Wed, Nov 13, 2019 - Page 2 News List

Parents lacking knowledge about first aid for burns

By Lo chi and Dennis Xie  /  Staff reporter, with staff writer

Childhood Burn Foundation members pose at Mackay Memorial Hospital in Taipei after a news conference to promote more knowledge about first-aid for burns ahead of Universal Children’s Day on Wednesday next week.

Photo: Lo Chi, Taipei Times

A recent survey by the Childhood Burn Foundation and the Global Views Survey Research Center indicates that a majority of parents in Taiwan do not know how to treat burns.

The poll found that 80 percent of parents do not know that a burn should be held under cool running water for 15 to 30 minutes, nearly 40 percent do not know that a burn should be immersed in water before seeking treatment at a hospital and 30 percent do not know that a burn should be covered by clean gauze.

The survey — which collected responses from 500 parents with children under the age of 18 — found that although 99.2 percent of respondents know the basic first aid steps for burn treatment, including rinsing the burn, removing clothes in the burn area to avoid adhesion, dipping the burned area in water, covering the burn with gauze and then seeking medical treatment, nearly 80 percent did not know burns should be rinsed for 15 to 30 minutes.

Unintentional injury is the largest cause of death for children aged from one to 14, and burns are the most common injury, Ministry of Health and Welfare data showed.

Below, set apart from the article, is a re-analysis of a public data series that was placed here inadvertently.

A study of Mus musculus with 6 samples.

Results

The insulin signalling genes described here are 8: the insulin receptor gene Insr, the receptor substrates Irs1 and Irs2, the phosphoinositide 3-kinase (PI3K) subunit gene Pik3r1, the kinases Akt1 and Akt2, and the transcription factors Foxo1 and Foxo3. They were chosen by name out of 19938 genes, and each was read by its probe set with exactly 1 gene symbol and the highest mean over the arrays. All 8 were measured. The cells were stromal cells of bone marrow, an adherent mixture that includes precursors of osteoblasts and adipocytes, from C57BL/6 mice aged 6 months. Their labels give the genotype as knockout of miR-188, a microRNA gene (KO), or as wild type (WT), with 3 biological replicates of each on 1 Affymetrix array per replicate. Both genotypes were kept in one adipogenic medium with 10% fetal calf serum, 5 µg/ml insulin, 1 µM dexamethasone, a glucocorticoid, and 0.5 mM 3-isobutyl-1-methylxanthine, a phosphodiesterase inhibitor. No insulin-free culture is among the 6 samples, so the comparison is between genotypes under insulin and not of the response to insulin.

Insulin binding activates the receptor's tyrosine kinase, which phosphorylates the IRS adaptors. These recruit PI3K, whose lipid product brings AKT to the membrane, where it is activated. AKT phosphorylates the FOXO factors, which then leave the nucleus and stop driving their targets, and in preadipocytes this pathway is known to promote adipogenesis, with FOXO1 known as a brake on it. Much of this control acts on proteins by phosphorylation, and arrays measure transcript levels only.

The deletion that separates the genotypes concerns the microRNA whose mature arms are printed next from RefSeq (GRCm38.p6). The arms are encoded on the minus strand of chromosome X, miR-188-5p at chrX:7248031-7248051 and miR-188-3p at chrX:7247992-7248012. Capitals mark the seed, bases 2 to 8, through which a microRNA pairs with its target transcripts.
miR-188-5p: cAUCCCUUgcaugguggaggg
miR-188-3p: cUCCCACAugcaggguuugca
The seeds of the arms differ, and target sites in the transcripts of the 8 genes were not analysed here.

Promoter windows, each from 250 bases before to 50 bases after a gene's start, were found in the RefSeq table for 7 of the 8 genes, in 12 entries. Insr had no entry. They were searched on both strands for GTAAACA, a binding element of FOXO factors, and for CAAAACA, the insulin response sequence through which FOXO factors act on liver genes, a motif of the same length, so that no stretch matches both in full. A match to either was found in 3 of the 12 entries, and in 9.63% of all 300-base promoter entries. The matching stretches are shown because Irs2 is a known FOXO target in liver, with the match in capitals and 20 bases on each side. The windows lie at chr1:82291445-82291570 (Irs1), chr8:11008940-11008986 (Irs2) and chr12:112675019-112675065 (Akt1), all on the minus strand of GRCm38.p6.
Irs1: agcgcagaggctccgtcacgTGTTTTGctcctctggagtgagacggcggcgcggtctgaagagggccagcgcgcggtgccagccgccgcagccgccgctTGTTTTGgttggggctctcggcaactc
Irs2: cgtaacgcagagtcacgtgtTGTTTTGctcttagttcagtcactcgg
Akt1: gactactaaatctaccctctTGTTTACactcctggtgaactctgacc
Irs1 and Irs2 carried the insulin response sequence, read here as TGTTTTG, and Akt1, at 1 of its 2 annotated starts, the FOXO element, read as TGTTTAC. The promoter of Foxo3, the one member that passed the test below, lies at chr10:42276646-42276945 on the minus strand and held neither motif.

Eighty percent of burns in children — mostly caused by spilled hot drinks or soup — occur at home, and 80 percent of such burns occur to children aged one to two years, Tung Kuang-yi (董光義), head of the plastic surgery department at Mackay Memorial Hospital in Taipei, said on Thursday last week.

Parents should be extra cautious with any hot containers, as a hot cup of tea can cause a burn covering 10 percent of the body of a one to two-year-old toddler, Tung said.

While many parents apply things that are “cool and minty” on children’s burns, such as alcohol and toothpaste, these things are not actually cooling, but irritating and can complicate later medical treatment, he said.

Ice cubes are not helpful, either, as they make blood vessels contract, and can deepen the depth of the burn, he added.

Proper first-aid procedures include holding the burn wound under cool — not cold — running water for at least 15 minutes and removing the children’s clothes in the process, and then immersing the burn in water for at least 15 minutes more to cool down the surface of the skin, Tung said.

Foundation chairman Chang Wen-han (張文瀚) said that before rushing to a hospital emergency room, parents use the “golden time” to administer first aid, as it could halt further damage.